Although she had never painted before, Pamela Prince became a fine artist overnight.
During a sleepless evening seven years ago, Prince, who had been enduring severe pain from chronic medical issues, had a vision that dramatically altered her life.
She saw her bedroom filled with several beautiful paintings on easels. Seeing the canvases very clearly, Prince, then 50, could even smell paint fumes.
"I felt my hand holding a brush and stroking the wet oil paints and said to myself, 'Dear God, you can't be serious. I don't know where to begin to paint that way.'"
After only a couple of practice paintings, Prince, who lives in the Five Knolls neighborhood, jumped into the series titled "Reminders," allegorical dreamscapes that contain symbolic messages about life's lessons.
She said her works are based on the premise that we create our realities through our thoughts and feelings.
Prince, now 57, uses the name P.S. Thibodeaux for her artwork because she thinks her French maiden name sounds artsy.
Carefully proportioned props are posed with the model to communicate thoughts and perceptions. Representing human kind, the model's face and hair are concealed; there is no persona. Drapery substitutes for clothing, fashion and style, while adding mystery and drama to her image.
Models are carefully selected for the character and personality of each painting. Prince has used dancers from the North Carolina Dance Theater, thespians from the Actor's Theater of Charlotte as well as a yoga instructor and massage therapist.
"I'm so particular," she said. "I will go through several models and many modeling sessions for just one painting until I feel it is a perfect match. It's almost like type casting. I've been very fortunate to find wonderful women who love my work and are eager to be a part of the series." Prince, who took drawing and sculpting classes in college, makes many of the intricate props for her paintings and considers them art within art. She says the inspiration for her work comes to her faster than she can finish a piece.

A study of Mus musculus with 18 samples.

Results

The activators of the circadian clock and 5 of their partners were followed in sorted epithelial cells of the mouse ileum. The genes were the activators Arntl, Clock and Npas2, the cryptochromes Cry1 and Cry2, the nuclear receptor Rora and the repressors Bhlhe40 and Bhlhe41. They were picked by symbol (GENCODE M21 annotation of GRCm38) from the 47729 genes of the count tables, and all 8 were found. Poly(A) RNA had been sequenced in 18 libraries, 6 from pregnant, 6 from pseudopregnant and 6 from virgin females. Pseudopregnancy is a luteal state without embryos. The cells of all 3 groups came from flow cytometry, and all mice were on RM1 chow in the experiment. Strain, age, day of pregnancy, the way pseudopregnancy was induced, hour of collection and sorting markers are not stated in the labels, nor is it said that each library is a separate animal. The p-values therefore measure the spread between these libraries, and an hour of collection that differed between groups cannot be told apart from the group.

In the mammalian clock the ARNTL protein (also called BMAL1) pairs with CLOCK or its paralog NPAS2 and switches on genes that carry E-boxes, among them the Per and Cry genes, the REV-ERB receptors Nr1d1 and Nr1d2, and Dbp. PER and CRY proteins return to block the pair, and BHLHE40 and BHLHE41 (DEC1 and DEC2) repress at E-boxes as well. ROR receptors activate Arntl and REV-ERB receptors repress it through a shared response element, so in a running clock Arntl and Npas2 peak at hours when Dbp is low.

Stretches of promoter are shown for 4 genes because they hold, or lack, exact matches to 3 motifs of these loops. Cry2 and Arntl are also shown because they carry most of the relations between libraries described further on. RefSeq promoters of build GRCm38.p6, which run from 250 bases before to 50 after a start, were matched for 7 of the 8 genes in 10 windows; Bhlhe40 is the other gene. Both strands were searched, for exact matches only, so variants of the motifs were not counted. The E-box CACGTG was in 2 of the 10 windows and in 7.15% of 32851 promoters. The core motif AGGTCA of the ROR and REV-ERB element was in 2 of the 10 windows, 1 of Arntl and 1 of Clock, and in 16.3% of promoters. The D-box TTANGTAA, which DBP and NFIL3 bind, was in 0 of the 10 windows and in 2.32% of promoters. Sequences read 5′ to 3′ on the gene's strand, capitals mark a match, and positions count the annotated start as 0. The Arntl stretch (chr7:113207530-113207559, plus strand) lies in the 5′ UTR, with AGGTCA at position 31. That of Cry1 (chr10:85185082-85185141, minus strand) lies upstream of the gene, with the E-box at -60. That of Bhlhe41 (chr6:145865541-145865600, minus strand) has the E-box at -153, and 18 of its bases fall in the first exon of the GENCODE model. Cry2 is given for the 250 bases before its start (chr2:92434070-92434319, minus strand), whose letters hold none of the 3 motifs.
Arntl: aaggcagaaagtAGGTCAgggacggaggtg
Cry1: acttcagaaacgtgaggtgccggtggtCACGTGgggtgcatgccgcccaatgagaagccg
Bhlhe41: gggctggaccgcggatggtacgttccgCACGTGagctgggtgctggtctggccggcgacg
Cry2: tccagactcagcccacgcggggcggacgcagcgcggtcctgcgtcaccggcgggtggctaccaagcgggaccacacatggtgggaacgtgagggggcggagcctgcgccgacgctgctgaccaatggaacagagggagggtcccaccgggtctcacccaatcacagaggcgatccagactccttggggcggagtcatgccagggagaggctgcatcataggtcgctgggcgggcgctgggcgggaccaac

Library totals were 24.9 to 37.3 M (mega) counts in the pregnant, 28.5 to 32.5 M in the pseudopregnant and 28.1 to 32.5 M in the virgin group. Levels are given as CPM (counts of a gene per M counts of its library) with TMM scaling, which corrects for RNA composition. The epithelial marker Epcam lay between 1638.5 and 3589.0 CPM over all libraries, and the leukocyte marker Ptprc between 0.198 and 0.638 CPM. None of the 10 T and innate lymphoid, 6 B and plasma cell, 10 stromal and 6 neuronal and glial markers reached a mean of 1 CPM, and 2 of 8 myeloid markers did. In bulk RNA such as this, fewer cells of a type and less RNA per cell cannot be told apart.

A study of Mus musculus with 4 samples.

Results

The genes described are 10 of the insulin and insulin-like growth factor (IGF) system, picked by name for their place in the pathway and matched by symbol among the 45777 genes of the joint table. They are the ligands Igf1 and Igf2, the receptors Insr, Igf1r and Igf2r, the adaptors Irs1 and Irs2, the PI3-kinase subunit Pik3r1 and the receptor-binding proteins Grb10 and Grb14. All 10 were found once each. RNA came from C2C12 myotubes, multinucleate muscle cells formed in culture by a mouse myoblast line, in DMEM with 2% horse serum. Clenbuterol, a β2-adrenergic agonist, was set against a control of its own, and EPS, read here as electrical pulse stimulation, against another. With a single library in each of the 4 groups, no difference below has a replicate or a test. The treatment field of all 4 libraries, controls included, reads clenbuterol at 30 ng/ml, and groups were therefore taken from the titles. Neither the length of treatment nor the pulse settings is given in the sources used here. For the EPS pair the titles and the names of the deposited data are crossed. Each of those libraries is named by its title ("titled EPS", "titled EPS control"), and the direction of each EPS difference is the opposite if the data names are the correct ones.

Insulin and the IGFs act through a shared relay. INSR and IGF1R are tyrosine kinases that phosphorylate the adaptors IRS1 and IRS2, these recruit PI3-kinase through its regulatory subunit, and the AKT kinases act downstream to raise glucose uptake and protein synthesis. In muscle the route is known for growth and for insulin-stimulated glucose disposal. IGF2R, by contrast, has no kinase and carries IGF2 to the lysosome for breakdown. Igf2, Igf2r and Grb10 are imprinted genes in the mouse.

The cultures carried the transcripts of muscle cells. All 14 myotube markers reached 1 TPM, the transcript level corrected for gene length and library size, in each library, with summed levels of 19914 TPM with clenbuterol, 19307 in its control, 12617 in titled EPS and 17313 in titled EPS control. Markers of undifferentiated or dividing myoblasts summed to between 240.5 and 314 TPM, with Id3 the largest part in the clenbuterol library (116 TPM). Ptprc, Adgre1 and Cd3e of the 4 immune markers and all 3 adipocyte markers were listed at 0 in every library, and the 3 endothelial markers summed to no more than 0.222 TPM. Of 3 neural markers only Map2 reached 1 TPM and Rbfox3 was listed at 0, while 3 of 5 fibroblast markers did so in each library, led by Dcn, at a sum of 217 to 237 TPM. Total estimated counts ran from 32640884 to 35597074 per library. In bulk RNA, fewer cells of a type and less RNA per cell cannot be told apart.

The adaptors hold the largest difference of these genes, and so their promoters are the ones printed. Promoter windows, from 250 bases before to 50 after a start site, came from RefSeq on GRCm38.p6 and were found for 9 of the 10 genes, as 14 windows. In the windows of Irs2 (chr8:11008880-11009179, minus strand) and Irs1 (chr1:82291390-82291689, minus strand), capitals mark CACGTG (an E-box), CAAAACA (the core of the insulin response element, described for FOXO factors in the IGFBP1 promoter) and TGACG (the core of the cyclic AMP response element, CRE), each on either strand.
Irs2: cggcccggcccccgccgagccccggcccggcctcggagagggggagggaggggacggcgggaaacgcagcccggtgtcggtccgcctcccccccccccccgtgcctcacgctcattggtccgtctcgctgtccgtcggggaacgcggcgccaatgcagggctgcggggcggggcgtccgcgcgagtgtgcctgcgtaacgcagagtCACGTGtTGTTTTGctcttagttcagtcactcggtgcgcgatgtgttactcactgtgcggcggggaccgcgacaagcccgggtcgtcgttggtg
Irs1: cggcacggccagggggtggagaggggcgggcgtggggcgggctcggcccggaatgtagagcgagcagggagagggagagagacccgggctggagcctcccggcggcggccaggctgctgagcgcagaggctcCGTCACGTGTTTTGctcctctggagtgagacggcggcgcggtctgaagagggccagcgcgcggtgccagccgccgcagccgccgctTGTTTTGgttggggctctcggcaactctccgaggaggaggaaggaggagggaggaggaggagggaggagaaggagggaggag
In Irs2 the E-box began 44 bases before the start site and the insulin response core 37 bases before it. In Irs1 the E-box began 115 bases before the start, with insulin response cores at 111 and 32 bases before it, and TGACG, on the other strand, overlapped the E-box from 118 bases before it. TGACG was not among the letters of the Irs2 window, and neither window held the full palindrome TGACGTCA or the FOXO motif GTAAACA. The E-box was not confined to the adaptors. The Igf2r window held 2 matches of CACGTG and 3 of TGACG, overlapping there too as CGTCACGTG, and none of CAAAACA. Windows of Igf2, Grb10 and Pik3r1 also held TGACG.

"I have a pile of sketches and ideas that come from seeing each completed painting in my minds-eye before I begin anything," she said. "I can't imagine being without enough to do in the future."
What is stunning about Prince's art is that she instinctively paints using old world masters' glazing techniques, a style that captures intricate forms, rich hues and dramatic textures of real life with stunning perfection.
Prints are made by a master photographer and printmaker who has worked with museums around the world, including the Louvre.
Prince's work is so realistic and moving that it often brings tears to those who attend her art shows.
She said the dramatic light and darkness mimic the extreme polarity of the world in which we live.
"The single light source from above gives each painting its flow and depth to lead the eye while symbolizing the heavens or the light. The paintings actually glow with luminescence in the dim lighting of a room, as if they are lit from within, reminding the viewer to also be lit from within."
Prince has sold some of her work through local galleries and marketing through advertising in art magazines and distributing brochures at local events. Her originals range in price from $2,000 to $6,000, with prints costing $200 to $650. She is not yet supporting herself through her art but she is looking for a local gallery to represent her.
"My husband (Jim) is very proud and supportive of me," she said. "He saw my painting talent came from nothing. One day I was into gourmet cooking and the next day I was a painter.
"He put lots of money into my art career and never batted an eye. When I felt like I would fail he'd say, 'you're going to make it.'"
Prince hopes to challenge and improve herself as a painter. She says her "download from the heavens" was a gift that gives her something to live for and look forward to.
"Suddenly middle age is just the beginning," she said.